While federal stimulus dollars flow into system, state cuts weigh on programs
For leaders of the North Bay's health care clinics, financial stability is not as simple as new federal cash on the one hand picking up where the state cut in the other.
At the root of the centers' funding paradox is that while federal economic stimulus dollars are flowing to building and expansion projects, the California budget crisis is bringing cuts to services and the recession is increasing the number of uninsured seeking their help.
"In a year I expect to have a beautiful, up-to-date date, perfectly equipped building run by an organization in survival mode," Alliance Medical Center CEO Jack Neureuter said of the challenge.
Though everyone recognizes the good intentions behind the close to $10 million in stimulus that has already poured into North Bay system, the funding does not necessarily align with the system's key financial challenge -paying for the increasing number of uncompensated patients, amplified by the deepening recession.
So far, the region's 10 federally-qualified health centers in Sonoma, Napa, Marin and Mendocino have received two rounds of federal recovery act funding, which is part of the largest single investment in the programs since they were created. But restrictions on the dollars make it impossible to boost clinic financials losing funding from cuts to reimbursement for care.
"I would like to say we will be able to absorb all the cuts the state has proposed, but really it will be a struggle to survive without drastic reform to the system," Mr. Neureuter said.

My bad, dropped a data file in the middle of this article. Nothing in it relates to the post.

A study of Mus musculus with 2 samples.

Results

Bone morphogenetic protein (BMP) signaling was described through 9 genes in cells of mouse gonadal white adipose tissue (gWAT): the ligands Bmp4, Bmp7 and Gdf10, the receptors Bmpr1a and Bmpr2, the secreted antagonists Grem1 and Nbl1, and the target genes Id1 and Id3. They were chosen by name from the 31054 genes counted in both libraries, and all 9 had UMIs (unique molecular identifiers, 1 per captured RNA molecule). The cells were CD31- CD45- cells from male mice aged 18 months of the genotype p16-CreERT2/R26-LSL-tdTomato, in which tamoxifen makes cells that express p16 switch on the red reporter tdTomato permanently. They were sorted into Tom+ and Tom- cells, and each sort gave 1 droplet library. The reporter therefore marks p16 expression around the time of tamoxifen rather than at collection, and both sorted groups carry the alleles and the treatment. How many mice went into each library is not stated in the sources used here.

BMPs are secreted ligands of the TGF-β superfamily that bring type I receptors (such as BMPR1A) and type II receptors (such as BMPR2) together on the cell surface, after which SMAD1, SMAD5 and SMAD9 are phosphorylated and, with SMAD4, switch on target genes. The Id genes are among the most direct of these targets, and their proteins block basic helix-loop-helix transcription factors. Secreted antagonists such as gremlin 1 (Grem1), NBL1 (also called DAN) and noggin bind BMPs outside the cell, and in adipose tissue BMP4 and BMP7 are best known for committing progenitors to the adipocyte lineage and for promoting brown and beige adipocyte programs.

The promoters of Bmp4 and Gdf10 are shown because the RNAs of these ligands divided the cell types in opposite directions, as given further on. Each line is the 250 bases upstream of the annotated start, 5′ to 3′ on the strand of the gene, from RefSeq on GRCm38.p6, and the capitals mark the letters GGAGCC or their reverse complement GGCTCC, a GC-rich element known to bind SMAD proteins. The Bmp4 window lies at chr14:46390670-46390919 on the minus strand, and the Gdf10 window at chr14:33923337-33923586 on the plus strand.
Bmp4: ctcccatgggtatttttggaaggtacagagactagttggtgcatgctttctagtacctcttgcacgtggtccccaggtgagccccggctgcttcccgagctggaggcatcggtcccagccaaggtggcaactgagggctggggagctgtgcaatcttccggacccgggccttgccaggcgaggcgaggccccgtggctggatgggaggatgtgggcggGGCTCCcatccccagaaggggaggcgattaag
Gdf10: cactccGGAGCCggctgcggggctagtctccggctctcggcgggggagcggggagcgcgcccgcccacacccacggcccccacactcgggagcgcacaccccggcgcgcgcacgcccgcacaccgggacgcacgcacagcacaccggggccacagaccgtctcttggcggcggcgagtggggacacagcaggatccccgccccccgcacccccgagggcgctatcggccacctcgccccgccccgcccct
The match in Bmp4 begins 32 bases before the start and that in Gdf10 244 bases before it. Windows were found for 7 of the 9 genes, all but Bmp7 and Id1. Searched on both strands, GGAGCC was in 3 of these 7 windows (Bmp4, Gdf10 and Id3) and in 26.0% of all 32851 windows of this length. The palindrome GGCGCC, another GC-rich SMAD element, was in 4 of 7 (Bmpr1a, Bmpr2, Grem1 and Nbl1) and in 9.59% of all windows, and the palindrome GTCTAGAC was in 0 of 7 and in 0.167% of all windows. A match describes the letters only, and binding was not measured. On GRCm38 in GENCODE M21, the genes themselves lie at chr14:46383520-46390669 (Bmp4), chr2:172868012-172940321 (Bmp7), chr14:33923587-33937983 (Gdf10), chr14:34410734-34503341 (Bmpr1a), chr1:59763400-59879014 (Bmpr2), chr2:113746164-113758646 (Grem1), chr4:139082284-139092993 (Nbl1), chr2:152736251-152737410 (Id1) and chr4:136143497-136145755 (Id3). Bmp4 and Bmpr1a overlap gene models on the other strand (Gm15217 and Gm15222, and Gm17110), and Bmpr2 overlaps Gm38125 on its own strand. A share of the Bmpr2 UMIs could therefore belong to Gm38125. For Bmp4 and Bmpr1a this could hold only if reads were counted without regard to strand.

Clinic leaders say instead, the stimulus grants limit spending primarily to hiring more staff, updating equipment and technology or making building renovations or expansions.
The stimulus "is great and we are very happy to have those dollars, but it does not pay for anything related to day-to-day business," said West County Health Centers Executive Director Mary Szecsey.
"It does not in any way backfill the loss of funds from state."
Since the creation of community clinics, which are now by far the largest provider of primary care in the region, the organizations have been funded primarily through reimbursements from the state and federal government for care provided to publicly funded patients, or those either on Medi-Cal, Medicare or other low-income programs.
But in the last few years, as the state's budget situation has continued to worsen, more and more cuts have been made to the public health insurance system and the number of uncompensated patients has quickly outweighed paid care.
Also, beginning July 1, the state eliminated funding for "optional Medi-Cal benefits," or reimbursement for adult dental (outside of emergency care), mental health and podiatry, among others. The change will mean a loss of about half a million dollars in revenue for some clinics, with a total loss of about $15 million region-wide.
Most regional health centers said they would sustain adult dental programs for as long as they can by beefing up children's care, which is still reimbursed, but many foresee an end to the programs without other funding.